Packers sign Julius Peppers, shows position flexibility is crucial in pass-heavy NFL

Dennis Wierzbicki-USA TODAY Spor

The Steelers are sitting on a bloated cap hit for Jason Worilds while banking on the development of Jarvis Jones while other teams look to fortify their pass rush.

Former Steelers outside linebacker LaMarr Woodley arrived via limo to the Raiders' facility last week. Freshly off release in Pittsburgh, he left all his pro experience (and a mountain of dead money) in Pittsburgh.

The Raiders aren't playing the scheme Woodley has played in that pro career. He had a visit lined up with Tennessee, a team coached by former Steelers offensive coordinator Ken Whisenhunt. He hired former Steelers defensive backs coach Ray Horton to install a 3-4 defense. Woodley had the scheme with which he was familiar all lined up, and the Titans were the odds-on favorite to land the eight-year veteran.

Then, Woodley signed with the Raiders. Just like that, Woodley threw scheme out the window, and will reportedly move back to his collegiate position of defensive end.

Same goes for DeMarcus Ware, who inked a large deal to play the 7-technique in Denver under John Fox.

The Green Bay Packers made the splash of the weekend by signing DE Julius Peppers, recently off a release from the 4-3-loving Chicago Bears. He's going to play outside linebacker in Cheesetown.

Take this from the 10,000 foot level. Pass rushers signed with teams that plan to use them as edge rushers. How much does the stand-up-or-3-point-stance differentials between the two positions even matter anymore? Sure, one coach feels more strongly with one defense vs. another, but the amount of money being spent in free agency on edge pass rushers suggests they don't care about the player's prior history; they just want guys who can rush off the edge.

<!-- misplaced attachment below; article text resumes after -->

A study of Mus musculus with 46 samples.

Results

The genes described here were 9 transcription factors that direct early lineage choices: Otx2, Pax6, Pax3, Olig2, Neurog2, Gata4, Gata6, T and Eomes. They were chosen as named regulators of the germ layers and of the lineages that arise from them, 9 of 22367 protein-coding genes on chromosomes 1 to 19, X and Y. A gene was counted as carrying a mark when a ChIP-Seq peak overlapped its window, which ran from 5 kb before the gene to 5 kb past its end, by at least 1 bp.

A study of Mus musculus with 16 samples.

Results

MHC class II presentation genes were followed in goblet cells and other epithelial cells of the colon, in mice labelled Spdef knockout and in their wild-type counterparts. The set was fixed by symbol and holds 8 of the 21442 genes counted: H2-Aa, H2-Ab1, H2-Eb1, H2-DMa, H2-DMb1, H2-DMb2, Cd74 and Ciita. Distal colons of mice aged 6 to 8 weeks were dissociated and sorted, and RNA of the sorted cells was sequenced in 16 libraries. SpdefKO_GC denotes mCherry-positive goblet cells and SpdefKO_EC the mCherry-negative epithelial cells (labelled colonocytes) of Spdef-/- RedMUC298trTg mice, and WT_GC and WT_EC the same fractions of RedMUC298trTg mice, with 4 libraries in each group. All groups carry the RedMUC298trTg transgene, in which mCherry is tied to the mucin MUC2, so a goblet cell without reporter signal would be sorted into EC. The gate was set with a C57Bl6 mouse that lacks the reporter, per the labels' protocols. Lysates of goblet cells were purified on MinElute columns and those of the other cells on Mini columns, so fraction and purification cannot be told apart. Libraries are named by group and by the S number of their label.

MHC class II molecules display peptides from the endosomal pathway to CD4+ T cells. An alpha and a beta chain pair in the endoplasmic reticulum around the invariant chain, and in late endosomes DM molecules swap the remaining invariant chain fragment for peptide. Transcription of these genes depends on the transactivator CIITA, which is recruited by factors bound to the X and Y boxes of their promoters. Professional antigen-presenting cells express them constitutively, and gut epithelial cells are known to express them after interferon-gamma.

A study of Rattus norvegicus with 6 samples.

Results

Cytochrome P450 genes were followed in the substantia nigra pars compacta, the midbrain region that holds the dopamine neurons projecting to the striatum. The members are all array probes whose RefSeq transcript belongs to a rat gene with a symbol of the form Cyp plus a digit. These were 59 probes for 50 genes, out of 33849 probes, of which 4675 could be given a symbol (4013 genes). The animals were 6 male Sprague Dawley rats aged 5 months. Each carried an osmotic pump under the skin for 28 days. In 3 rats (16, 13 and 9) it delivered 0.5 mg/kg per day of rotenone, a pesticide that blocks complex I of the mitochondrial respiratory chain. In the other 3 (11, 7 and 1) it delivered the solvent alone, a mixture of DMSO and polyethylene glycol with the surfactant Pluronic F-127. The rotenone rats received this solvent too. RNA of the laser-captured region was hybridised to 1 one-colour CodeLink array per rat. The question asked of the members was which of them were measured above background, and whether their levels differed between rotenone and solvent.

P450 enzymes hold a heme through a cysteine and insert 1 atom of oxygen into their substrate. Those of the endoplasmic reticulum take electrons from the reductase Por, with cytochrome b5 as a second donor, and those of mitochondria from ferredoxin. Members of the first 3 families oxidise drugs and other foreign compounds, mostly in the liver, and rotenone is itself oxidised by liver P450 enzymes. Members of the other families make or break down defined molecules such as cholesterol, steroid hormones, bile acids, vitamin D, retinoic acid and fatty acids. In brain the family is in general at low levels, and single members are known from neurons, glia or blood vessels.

The Steelers have committed $10.5 million in salary and about $5 million in dead money to three edge pass rushers for 2014. That figure is similar in salary, and a bit lower in dead money but also added a first round pick to the position in 2013.

Yet, while their pressure numbers (sacks-hits-hurries) improved a bit in 2013, their overall sack numbers are the lowest they've been in over 20 years. The team has stagnated in terms of putting quarterbacks on the ground, but their spending and overall investment in their edge pass rush has, at least, increased.

Green Bay is also caught in something of a funk in terms of pressure. A huge portion of that is due to injuries sustained by freakishly athletic OLB Clay Matthews (the last one being a re-break of his right thumb square on the ass of Steelers quarterback Ben Roethlisberger as Matthews sacked him in Week 16). A healthy Matthews and a rejuvenated Peppers, along with the contributions of some other very athletic players (Datone Jones and Mike Neal, for example) give Packers defensive coordinator (former Steelers DC) Dom Capers plenty of toys.

The Steelers cut the injury-prone Woodley and have the unproven Jason Worilds accounting for $9.75 million against their salary cap with the unproven Jarvis Jones looking to improve on his one sack (two games missed) total in 2014.

Had Woodley been under contract for $12 million over the next two years, he'd still be in Pittsburgh. With that money gone, and Worilds occupying a ridiculous cap figure while currently under a one-year deal, it wouldn't take much for the Steelers to get a long-term deal in place and find a stronger edge rusher.

Otherwise, they're banking on the least amount of proven pass rushers to improve their worst pass rush in decades. That seems just as risky as commonly stated "signing free agents isn't the Steelers way" rhetoric.